Rob Mitchell

Thought leadership is all about ideas, but your work is wasted if there isn’t a clear line of sight between those ideas and a commercial outcome. At FT Longitude, we are strong believers in measuring thought leadership against its contribution to three core objectives:

  1. Increasing revenues
  2. Enhancing reputation
  3. Strengthening client relationships.

For us, every project starts with a discussion with the client about which of those three goals is most important to them. Usually, they want to achieve all three, but the emphasis can differ.

When revenues rule

If a client tells us that revenue generation is their most important goal, we can design research and content to help. Here are some of the revenue-maximising steps we take, which are based on our experience of working with more than 40 global clients on large-scale thought leadership programmes.

1. Map out your buyers

Most B2B purchasing decisions are complex, and typically involve multiple stakeholders. To stand a chance of influencing the buying decision, your thought leadership needs to resonate with each of the different buyer personas.

For example, selling M&A advice will typically need buy-in from the CFO, CDO, CEO and legal. So your thought leadership must resonate equally with those different stakeholders. Alternatively, you’ll need to create different versions of your content, from a common research foundation, that are more role-specific.

2. Create a burning platform

Thought leadership is a powerful way to create a rationale for change. For example, if your research shows that 70% of organisations are investing in artificial intelligence, then you have a great opportunity to talk to the other 30% and explain that they risk falling behind their competitors. This is the ‘burning platform’ concept: there is a sense of urgency that requires action, and it’s time to invest in a solution.

3.  Sell your expertise, not your products

B2B buyers don’t want to hear about your products – they want to know how you can help them solve their business problem. The best way to do that is by demonstrating your company’s expertise and experience of addressing other clients’ issues. Good thought leadership will show them that you understand the market and have the knowledge and expertise to solve even the thorniest business issues.

4. Include calls to action

Thought leadership should influence and inspire action – not just describe a situation. You can make this easy for your audience by including clear calls to action, and ensuring that you can handle these effectively as a business.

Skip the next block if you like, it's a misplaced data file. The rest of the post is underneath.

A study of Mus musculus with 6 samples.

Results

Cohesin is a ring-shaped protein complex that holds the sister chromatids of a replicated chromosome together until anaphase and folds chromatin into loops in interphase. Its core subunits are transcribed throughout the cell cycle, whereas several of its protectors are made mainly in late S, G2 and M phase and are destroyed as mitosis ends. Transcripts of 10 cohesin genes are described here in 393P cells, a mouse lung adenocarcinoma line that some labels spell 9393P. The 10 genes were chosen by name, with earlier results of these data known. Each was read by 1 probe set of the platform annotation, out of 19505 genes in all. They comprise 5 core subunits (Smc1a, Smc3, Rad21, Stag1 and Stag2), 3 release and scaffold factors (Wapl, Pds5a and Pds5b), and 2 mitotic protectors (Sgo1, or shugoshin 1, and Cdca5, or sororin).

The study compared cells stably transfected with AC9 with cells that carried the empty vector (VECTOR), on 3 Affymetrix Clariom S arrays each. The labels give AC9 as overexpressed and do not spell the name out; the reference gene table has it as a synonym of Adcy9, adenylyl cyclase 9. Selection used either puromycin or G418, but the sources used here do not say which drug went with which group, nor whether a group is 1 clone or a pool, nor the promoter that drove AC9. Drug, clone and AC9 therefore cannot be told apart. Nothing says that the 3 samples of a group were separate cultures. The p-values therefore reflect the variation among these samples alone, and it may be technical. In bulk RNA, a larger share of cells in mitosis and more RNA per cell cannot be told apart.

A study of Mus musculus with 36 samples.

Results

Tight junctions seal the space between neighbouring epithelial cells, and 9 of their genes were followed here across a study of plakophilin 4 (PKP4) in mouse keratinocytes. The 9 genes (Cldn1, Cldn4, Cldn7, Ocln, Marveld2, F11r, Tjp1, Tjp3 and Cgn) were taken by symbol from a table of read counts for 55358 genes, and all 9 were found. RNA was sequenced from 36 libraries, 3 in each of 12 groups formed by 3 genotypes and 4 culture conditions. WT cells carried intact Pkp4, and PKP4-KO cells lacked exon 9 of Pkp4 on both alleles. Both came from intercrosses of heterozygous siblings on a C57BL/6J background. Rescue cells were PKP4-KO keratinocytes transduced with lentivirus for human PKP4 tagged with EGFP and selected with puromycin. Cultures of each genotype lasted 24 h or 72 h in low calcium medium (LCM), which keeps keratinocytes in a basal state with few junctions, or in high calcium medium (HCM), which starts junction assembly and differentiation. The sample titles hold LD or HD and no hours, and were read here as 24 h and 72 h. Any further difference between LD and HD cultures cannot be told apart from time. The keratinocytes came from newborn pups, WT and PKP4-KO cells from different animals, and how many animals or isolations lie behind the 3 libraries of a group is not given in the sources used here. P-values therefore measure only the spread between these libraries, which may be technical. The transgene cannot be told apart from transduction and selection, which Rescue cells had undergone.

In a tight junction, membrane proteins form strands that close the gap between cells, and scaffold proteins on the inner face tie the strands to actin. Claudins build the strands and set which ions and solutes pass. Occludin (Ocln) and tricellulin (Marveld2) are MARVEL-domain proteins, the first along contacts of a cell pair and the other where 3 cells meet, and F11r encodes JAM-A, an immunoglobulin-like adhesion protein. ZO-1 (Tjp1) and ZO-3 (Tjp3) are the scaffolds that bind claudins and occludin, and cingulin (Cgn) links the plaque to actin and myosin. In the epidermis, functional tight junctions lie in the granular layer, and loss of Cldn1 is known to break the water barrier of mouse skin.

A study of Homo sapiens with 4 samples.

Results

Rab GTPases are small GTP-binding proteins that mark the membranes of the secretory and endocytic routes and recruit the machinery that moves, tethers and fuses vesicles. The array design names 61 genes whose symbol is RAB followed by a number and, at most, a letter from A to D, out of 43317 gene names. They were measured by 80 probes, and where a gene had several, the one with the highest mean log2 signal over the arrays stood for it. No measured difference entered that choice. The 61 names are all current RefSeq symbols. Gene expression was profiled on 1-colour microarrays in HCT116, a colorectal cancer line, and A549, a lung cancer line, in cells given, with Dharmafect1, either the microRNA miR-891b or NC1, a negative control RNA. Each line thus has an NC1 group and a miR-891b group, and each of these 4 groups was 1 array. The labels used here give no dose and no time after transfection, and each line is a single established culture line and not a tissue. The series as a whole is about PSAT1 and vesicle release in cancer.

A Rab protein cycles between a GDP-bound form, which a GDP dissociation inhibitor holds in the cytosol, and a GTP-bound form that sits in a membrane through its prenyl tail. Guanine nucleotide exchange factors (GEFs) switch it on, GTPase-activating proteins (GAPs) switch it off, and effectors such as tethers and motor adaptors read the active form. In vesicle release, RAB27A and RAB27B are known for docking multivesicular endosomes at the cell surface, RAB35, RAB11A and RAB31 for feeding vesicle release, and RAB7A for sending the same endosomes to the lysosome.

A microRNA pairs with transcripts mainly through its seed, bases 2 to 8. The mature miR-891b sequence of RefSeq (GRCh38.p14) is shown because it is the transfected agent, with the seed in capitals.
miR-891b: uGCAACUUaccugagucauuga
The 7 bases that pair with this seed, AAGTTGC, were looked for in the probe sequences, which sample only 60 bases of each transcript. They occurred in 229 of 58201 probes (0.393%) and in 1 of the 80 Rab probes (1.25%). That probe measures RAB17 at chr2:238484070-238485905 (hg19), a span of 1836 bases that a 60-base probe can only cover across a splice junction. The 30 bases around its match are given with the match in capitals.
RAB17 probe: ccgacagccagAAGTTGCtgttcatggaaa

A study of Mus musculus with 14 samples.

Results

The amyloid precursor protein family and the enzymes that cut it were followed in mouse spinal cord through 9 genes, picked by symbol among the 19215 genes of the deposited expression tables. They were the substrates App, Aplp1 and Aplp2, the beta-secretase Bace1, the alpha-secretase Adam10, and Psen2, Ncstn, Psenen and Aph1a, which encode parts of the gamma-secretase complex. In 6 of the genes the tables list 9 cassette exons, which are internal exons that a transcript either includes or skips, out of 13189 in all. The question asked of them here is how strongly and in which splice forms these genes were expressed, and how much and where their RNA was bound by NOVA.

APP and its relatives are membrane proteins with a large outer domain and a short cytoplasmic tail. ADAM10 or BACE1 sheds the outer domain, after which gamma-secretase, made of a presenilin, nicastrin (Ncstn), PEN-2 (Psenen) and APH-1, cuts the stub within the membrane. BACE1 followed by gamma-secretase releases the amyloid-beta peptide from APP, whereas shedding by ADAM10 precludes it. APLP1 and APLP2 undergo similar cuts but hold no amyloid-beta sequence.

5. Engage your internal audience

It’s impossible to use thought leadership to increase your revenues if you don’t involve the people who sell to your clients. This means it’s essential to get your business development team on side.

We recommend that this is done as early as possible in the process: secure their buy-in at the start of a thought leadership project, and they will feel engaged and more likely to support it. If you hand them a completed report without having asked for their input, then they are much less likely to get behind it.

6. Make it easy for your sales teams

B2B sales executives are typically hungry for content that can help them initiate and maintain conversations. But that content has to be readily available and presented in a format that suits their needs.

Remember that while thought leadership is a conversation starter, it won’t close the sale on its own. A ‘sales enablement toolkit’ that brings together the thought leadership report, introductory emails, bite-sized articles, presentations, call scripts and other assets will help to arm your sales team with the ammunition they need to hold conversations – and will ultimately lead to higher revenues.

7. Keep the conversation going

The B2B sales cycle can be protracted. It’s unusual for a business development executive to get a call from a prospect and then close a sale in a matter of weeks. Instead, there needs to be a long, ongoing conversation, often over several months, during which trust is established and relationships developed.

Good thought leadership is a powerful hook for starting and maintaining that conversation – at every stage of the sales cycle. And it gets results: in our Power of Thought Leadership research from last year, 78% of respondents said that reading intelligent thought leadership makes them more likely to trust that company in future.

Now that thought leadership has become a core part of the marketing toolkit, it is essential to demonstrate how it can deliver ROI. Evidence of meetings and conversations where thought leadership has been the “door opener” is a crucial part of showing that value.


Rob leads FT Longitude’s strategic planning and sets the overall vision and priorities for the business. He manages the board-level relationship with FT Longitude’s parent company, the Financial Times group, and also oversees FT Longitude’s finances, people management and administration.

Prior to co-founding FT Longitude in 2011, Rob was an independent writer and editor. Between 2007 and 2010, he was a managing editor at the Economist Intelligence Unit and prior to that he was an editor at the Financial Times, where he was responsible for the newspaper’s sponsored reports, including the Mastering Management series.